Northern Ireland

Ballymurphy inquest: Witness denies making up evidence

Ten people were killed in the shootings
Image caption Ten people were killed in the shootings

A civilian witness has denied making up evidence about how two men were shot dead in Ballymurphy in 1971.

He also denied trying to malign the memory of those who died.

Witness C3, who lived in the mainly protestant Springmartin area at the time, was resuming his evidence from last May, at the Ballymurphy Inquest.

The witness, who was 16 yeas old at the time, says he watched what happened while lying in grass above waste ground where two victims died.

Father Hugh Mullan and Frank Quinn were shot on waste ground beside Springfield Park that day, some distance below where C3 says he was lying.

C3 gave his evidence by video link from another room in the same building at the inquest at Laganside Courts in Belfast.

He told the inquest last May he saw eight civilians armed with rifles run across the waste ground, where the two victims were later shot and killed.

He stated that the last of the eight armed men was shot and fell.

He had also said that he had seen Father Hugh Mullan run to the man's aid and lift a rifle shortly before he too was shot.

Image copyright Colm Lenaghan/ Pacemaker Press
Image caption Families of those killed in the Ballymurphy massacre

A barrister for the Mullan and Quinn families said his account was untruthful and explained that no other witness, civilian or military, mentioned the eight armed men running in single file.

She described that evidence as a "bizarre account".

The first man to be shot is widely understood to have been Bobby Clarke, who survived.

He had been rescuing children from the area at the time.

There has never been any suggestion or evidence that Mr Clarke was armed.

C3 said all he could do was explain what he remembered.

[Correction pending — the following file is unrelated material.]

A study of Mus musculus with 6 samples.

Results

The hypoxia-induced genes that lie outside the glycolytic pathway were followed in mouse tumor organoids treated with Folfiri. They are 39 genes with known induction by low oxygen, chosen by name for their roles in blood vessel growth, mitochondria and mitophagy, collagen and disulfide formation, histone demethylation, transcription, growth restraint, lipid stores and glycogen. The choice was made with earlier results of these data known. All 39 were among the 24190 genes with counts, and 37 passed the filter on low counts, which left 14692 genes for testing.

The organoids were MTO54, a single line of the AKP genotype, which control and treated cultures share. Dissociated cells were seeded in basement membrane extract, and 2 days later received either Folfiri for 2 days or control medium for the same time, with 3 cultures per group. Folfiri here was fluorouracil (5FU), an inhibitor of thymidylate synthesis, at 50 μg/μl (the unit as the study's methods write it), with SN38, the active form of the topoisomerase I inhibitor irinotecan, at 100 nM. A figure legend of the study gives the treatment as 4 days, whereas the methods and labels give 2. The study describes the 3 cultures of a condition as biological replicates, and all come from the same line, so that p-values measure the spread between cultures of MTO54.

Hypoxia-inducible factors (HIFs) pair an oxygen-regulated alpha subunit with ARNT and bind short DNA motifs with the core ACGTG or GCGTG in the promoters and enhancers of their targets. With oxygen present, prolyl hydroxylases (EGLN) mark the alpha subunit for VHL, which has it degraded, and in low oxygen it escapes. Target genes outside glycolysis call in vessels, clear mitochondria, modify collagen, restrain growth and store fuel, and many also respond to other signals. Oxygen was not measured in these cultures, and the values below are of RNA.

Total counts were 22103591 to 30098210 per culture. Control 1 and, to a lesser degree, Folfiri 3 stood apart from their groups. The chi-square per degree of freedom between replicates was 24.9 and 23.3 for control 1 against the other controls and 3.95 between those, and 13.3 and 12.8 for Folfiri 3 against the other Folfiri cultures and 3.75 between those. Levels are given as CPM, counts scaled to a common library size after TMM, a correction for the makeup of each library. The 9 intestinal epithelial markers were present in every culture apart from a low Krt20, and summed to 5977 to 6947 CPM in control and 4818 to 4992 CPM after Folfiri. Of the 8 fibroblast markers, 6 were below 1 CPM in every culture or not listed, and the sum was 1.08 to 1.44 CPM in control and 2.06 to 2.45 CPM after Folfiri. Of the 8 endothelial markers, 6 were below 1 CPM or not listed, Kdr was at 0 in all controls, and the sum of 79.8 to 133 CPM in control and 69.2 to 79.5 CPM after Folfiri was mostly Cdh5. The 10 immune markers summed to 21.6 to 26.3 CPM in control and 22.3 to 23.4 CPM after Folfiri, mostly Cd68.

'Can't get everything exactly right'

He denied that he was attempting to justify people being shot, or that he was giving his testimony "to malign the deceased and wounded".

"I can't get everything exactly right" C3 told the court. "I'm trying my best here. I'm trying to give you what I remember."

He was also asked why gave the court a clear account of Father Mullan wearing clerical robes when he was shot, although there is clear evidence that he was not wearing robes.

C3 again denied making up evidence and trying to malign Father Mullan's memory.

He agreed that he had seen two masked gunmen whom he took to be Protestant, in the Springmartin area, but did not see them open fire.

He also thought that gunmen were firing from flats in the area into the Moyard area, which was predominantly Catholic.

'Great restraint'

Later on Monday, soldier M506 returned to the witness box after an absence of four months.

He denied having fired his weapon from the roof of Vere Foster school when civilians were shot and fatally wounded.

He also denied deliberately trying to distance himself from the shooting of unarmed civilians.

It was explained that a previous witness, M138 had stated that M506 had fired his weapon, but M506 said his former colleague was wrong.

M506 told the court last May that he believed paratroopers had shown "great restraint" during a day of rioting, and had only opened fire because someone was firing at them.

Image caption The 1971 shootings took place during the introduction of internment without trial

Accused of being less than truthful with his evidence, M506 said he hadn't fired his weapon, and could well have saved lives due to his actions.

He insisted that in Northern Ireland he had only ever fired his weapon on the firing range.

"I should be commended for the lives I saved, and I took none" he said, during a heated exchange with a barrister for the Mullan and Quinn families.

As M506 began his evidence, the families of the victims lefts their usual seats in the jury box whey they would normally have been permitted to see him.

It's understood they did this in protest at the manner in which the court permitted him to be screened.